Fandom’s unhealthy obsession with real-life serial killers

Fandom-esque is a biweekly blog about the fandoms of the pop culture sphere and their latest ongoings in TV, film and more.

By Diana Velasquez, Senior Staff Writer

There are five movies about the life of the American serial killer Jeffrey Dahmer. There are even more TV documentaries about him, and on Sept. 21 Netflix released “Dahmer — Monster: The Jeffrey Dahmer Story,” a limited series with Evan Peters in the titular role.

The series goes in-depth on Dahmer’s life, his motives and the brutal crimes he committed against 17 victims.

The victims’ family weren’t notified about the show’s production. Instead they stumble across shows about Dahmer as they’re released, and in 2022 on apps like TikTok, they can come across fancams.

Fancams for Jeffrey Dahmer.

A fancam is a video compilation of a celebrity put together by a fan. There are fancams about quite literally everyone — Ariana Grande, Daenerys Targaryen and a horrifying amount about serial killers.

Now I’m not here to be the morality police for fandoms, that never ends well — and I don’t want any Dahmer girlies in my DMs. But I think the way that fans interact with real-life criminals is something that should be examined.

I understand being drawn to a fictional character. Often the darker, more twisted people capture our attention. Should we egg a person’s house because he likes Freddy Krueger? No. One of the most prolific genres on TV are criminal procedurals, shows like “Criminal Minds,” “Law and Order: SVU” and “NCIS” — all of which focus on investigators trying to catch heinous criminals.

Fandoms for shows like “Hannibal,” a fandom I adore, center on fictional characters that literally cannibalize people. The fanfiction and art for that show require trigger warnings more often than not. It’s a horror show, and it’s fully aware of the fact, but it’s all made up. There’s no real person who’s been victimized by Hannibal Lecter who has to tip-toe around the internet afraid of coming across aesthetic videos of Mads Mikkelsen’s bloody fork.

When the new Dahmer Netflix show was released, a relative of one of Dahmer’s victims — mostly black men and young boys, I’ll have you know — went to Twitter to express her distress about the show’s popularity.

She went on to say that shows like these are often very traumatizing to the families of the victims, especially since actors are recruited to play versions of the victims or victims’ families.

Why do these shows keep getting made? As I hinted at before, true crime and related media is a goldmine for Hollywood. A 2021 study by Parrot Analytics found that true crime is the most in-demand topic in documentaries for the year. The podcast industry has also benefited from true crime popularity, and in 2020 according to one survey, it was the third most in-demand genre for listeners on apps like Spotify or Apple Music.

Some people might say that the fancams are a byproduct of fans’ obsession with the actors playing the roles. When Zac Efron played Ted Bundy in “Extremely Wicked, Shockingly Evil, and Vile” there was a rise in fancams for the show, similar to the new Dahmer show.

But there are actual fancams of Dahmer and Bundy and every killer in between, and when criticized for making these many fans will often defend the actions of these men, or sympathize with them. It’s a parasocial relationship gone too far.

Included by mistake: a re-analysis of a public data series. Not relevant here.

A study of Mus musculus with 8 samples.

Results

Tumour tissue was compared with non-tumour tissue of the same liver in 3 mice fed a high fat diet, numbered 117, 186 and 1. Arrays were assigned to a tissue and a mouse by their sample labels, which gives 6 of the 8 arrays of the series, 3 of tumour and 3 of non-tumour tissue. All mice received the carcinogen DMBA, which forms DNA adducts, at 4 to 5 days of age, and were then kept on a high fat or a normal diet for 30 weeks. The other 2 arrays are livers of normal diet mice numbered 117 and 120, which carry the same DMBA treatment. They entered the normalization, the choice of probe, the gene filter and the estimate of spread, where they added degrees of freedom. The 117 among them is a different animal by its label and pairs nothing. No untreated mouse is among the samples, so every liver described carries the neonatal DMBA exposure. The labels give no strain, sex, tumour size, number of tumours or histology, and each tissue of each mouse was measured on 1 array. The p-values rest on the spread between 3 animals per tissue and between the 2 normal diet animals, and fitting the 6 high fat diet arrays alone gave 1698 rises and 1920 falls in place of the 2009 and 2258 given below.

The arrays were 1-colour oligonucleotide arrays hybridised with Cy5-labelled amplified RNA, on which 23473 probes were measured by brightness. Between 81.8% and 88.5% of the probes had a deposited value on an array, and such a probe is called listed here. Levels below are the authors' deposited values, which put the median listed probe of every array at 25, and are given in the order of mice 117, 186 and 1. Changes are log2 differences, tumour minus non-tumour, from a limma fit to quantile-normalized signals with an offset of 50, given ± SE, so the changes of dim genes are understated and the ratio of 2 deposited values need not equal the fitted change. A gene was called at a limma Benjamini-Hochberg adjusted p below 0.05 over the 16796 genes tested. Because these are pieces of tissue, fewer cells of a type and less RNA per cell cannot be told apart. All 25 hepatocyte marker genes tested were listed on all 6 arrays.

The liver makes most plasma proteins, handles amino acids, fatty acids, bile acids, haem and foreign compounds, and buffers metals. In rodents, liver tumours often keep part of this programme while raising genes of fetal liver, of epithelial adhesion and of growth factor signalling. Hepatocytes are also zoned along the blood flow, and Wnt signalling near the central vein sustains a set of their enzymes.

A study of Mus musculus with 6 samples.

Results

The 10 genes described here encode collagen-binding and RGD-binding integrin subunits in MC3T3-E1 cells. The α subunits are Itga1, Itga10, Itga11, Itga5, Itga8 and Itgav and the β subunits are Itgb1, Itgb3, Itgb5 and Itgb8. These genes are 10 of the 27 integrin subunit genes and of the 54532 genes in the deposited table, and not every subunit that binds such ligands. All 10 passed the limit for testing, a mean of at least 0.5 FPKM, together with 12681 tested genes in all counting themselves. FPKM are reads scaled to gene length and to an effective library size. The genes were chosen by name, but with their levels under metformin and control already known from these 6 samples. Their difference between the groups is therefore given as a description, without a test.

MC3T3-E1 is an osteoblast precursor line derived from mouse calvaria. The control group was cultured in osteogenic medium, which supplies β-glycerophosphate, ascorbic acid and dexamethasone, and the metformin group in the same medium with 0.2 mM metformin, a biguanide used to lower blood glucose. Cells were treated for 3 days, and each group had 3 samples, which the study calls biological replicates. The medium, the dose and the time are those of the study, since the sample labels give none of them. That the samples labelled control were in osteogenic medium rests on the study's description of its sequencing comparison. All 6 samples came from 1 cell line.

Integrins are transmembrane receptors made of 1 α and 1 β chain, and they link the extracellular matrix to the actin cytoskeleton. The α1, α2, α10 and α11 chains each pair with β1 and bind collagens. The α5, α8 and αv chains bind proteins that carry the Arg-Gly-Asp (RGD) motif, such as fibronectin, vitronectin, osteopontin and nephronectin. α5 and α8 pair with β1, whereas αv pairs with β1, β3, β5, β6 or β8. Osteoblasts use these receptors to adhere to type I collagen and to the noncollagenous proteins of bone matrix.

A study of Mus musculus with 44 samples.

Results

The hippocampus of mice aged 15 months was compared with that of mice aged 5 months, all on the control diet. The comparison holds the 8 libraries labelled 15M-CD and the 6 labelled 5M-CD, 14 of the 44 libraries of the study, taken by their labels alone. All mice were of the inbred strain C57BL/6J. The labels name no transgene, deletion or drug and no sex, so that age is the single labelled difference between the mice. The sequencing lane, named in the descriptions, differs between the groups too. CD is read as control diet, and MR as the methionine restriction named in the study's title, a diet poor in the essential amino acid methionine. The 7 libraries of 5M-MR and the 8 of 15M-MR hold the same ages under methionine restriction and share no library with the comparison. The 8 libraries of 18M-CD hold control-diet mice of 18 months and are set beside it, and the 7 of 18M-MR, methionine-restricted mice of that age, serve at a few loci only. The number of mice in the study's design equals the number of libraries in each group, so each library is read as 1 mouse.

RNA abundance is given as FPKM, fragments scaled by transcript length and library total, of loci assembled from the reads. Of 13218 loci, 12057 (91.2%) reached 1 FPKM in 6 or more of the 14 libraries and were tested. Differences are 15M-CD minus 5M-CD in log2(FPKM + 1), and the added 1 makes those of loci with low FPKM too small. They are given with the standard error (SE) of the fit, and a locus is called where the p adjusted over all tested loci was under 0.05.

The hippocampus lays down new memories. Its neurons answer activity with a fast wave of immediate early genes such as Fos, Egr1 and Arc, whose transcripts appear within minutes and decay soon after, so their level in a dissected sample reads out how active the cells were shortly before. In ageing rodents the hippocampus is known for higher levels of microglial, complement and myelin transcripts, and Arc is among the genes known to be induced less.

Sociologists Donald Horton and R. Richard Wohl coined the term “para-social relationship” in the 1950s long before its use in social media. The term is meant to describe how mass media users act like they’re in a typical social relationship with a celebrity that they’ve never met.

Clearly it’s not a new concept, but apps like Twitter or TikTok, or more intimate gathering spaces like Discord, escalate the problem.

When you have a parasocial relationship with a celebrity, it’s very easy to forget how little you know about the person you’re obsessing over. It’s one thing to set up a meet and greet with Harry Styles and spew trivia questions his way, it’s another to edit together mugshots of Dahmer into a 30-second video filtered with rainbow lighting and a BTS song playing in the background.

A lot of people even take a step further and write fanfic about him, which is called “real-person fiction” or RPF for short.

Personally, I’m not a fan of RPF. That’s a real person you’re writing fiction about, and in many circumstances in a sexual context without their consent. I’m especially against sending these kinds of fanfic to the people themselves.

Now imagine your family member was brutally murdered by a serial killer like Dahmer, and there are people on the internet who send you DMs full of fanfiction and “cute” little videos about how sexy Dahmer actually was, that his life was so hard and he doesn’t deserve nearly all the bad press he gets.

Every time a show like this comes out, the victims are yet again re-traumatized.

Hollywood won’t stop making these, the shows and the movies make too much damn money, but if they’re not going to stop the least that the showrunners can do is consult the victim’s families on how they should be depicted on screen.

After all, most of these shows are about Dahmer, right? If these stories are to be told, it’s a worthwhile endeavor to explore if the victims want it told from their perspective, especially those from marginalized communities, who rarely get a say in how their grief is processed or what the public does with it.